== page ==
Hot weather forecasts for the weekend from Texas through the desert Southwest allowed several points in those areas, along with a few other scattered ones, to swim against the tide of overall softness Friday. A majority of the cash market saw drops ranging from a couple of pennies to about 20 cents.
Moderate weather in most areas, two previous days of screen weakness and Thursday’s bearish storage report kept downward pressure on most prices. But outside of the Rockies and California, which recorded most of the double-digit declines, softening was rather moderate at less than a dime down.
Gas for the weekend wasn’t especially welcome in California, where both of the state’s major distributors extended high-linepack OFOs through at least Saturday (see Transportation Notes). But Permian Basin and Waha supplies found themselves wanted in the intrastate Texas and east-of-California markets, where expected weekend temperatures in the 90s and even 100s would be driving up power generation loads.
The result was increases on either side of a dime for Waha and El Paso-Permian. Flat numbers at Katy and the Houston Ship Channel also testified to the demand being generated by the use of gas-fired peaking power units. And El Paso North Baja/Ehrenberg, which serves the sizzling Arizona market, jumped a whopping half-dollar.
A Houston-based marketer noted that El Paso-Permian and Waha traded as low as the upper $5.40s at first, but rose as the morning went on to the $5.90s in late deals. With Permian basis looking like minus 63 cents for June and the initial daily cash numbers being about 90 cents behind the June screen, that gave ample incentive for buying Southwest supplies for storage injections as well as for immediate burns, he said.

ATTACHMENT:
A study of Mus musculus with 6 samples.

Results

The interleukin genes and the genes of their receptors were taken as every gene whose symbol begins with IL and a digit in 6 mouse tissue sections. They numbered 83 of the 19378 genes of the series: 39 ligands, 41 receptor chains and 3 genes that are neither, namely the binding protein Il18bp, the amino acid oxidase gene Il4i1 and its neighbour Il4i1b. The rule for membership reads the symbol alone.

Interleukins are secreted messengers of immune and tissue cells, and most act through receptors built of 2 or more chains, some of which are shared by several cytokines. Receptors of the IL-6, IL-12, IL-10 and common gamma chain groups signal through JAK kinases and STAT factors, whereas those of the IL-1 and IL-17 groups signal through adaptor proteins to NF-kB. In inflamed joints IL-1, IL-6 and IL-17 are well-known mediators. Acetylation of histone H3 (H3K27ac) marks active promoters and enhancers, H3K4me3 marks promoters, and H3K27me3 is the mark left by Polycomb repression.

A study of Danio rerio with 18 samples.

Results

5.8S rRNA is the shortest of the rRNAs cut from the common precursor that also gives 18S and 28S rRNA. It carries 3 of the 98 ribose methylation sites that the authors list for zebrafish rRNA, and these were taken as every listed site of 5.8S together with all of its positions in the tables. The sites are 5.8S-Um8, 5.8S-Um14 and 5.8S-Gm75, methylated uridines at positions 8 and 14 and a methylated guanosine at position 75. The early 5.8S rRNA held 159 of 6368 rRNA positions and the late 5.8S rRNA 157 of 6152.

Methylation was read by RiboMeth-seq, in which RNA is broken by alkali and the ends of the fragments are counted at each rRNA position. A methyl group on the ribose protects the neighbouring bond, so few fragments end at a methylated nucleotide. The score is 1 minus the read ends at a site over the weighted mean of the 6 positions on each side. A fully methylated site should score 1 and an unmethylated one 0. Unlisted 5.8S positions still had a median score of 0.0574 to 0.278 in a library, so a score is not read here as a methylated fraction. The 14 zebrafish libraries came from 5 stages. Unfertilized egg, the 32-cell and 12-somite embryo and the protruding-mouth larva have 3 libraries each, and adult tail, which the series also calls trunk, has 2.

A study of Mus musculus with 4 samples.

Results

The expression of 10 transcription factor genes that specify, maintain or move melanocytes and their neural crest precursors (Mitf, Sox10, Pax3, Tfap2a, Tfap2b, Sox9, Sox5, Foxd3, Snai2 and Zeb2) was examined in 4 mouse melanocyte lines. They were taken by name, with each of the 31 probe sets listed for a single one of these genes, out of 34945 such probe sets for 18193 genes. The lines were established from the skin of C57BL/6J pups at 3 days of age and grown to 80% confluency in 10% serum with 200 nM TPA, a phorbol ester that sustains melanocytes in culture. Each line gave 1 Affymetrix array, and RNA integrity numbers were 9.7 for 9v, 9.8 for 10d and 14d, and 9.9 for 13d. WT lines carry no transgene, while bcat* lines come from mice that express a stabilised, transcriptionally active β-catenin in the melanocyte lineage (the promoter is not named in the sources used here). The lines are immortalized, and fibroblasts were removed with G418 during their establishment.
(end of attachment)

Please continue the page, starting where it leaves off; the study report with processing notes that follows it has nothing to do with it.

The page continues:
Although he doesn’t trade with Pemex himself, the marketer also suggested that perhaps Mexico’s state oil company may have been buying across the border. “When they [Pemex] need U.S. supplies, they tend to come out and buy in big chunks” from South Texas and the Permian Basin, he said.
There was little weather demand around Chicago, but a couple of area LDCs were buying fairly strongly Friday, presumably for storage injections, the marketer continued. Most prices tended to move a little higher as trading proceeded, he said. Both basis and index deals for June at the Chicago citygate were looking essentially flat as of Friday, he added.
Although Northeast temperatures were forecast to be 10 degrees or so below normal over the weekend and into this week, the gas buyer for a regional LDC said his company actually was seeing smaller markets and system throughput. “We’re putting the maximum amount possible in storage,” he said, but because of injection limits, he was cutting back some on day-to-day purchases late last week.
The price outlook remains generally bearish for this week. Below normal temperatures are expected over the eastern half of the U.S. during the last full workweek of the month. And going into next weekend the National Weather Service expects the below normal readings to expand westward in the upper half of the nation.
Analyst Kyle Cooper of Citigroup made an initial estimation of a storage injection in the mid 90s Bcf to be reported for the week ending May 20.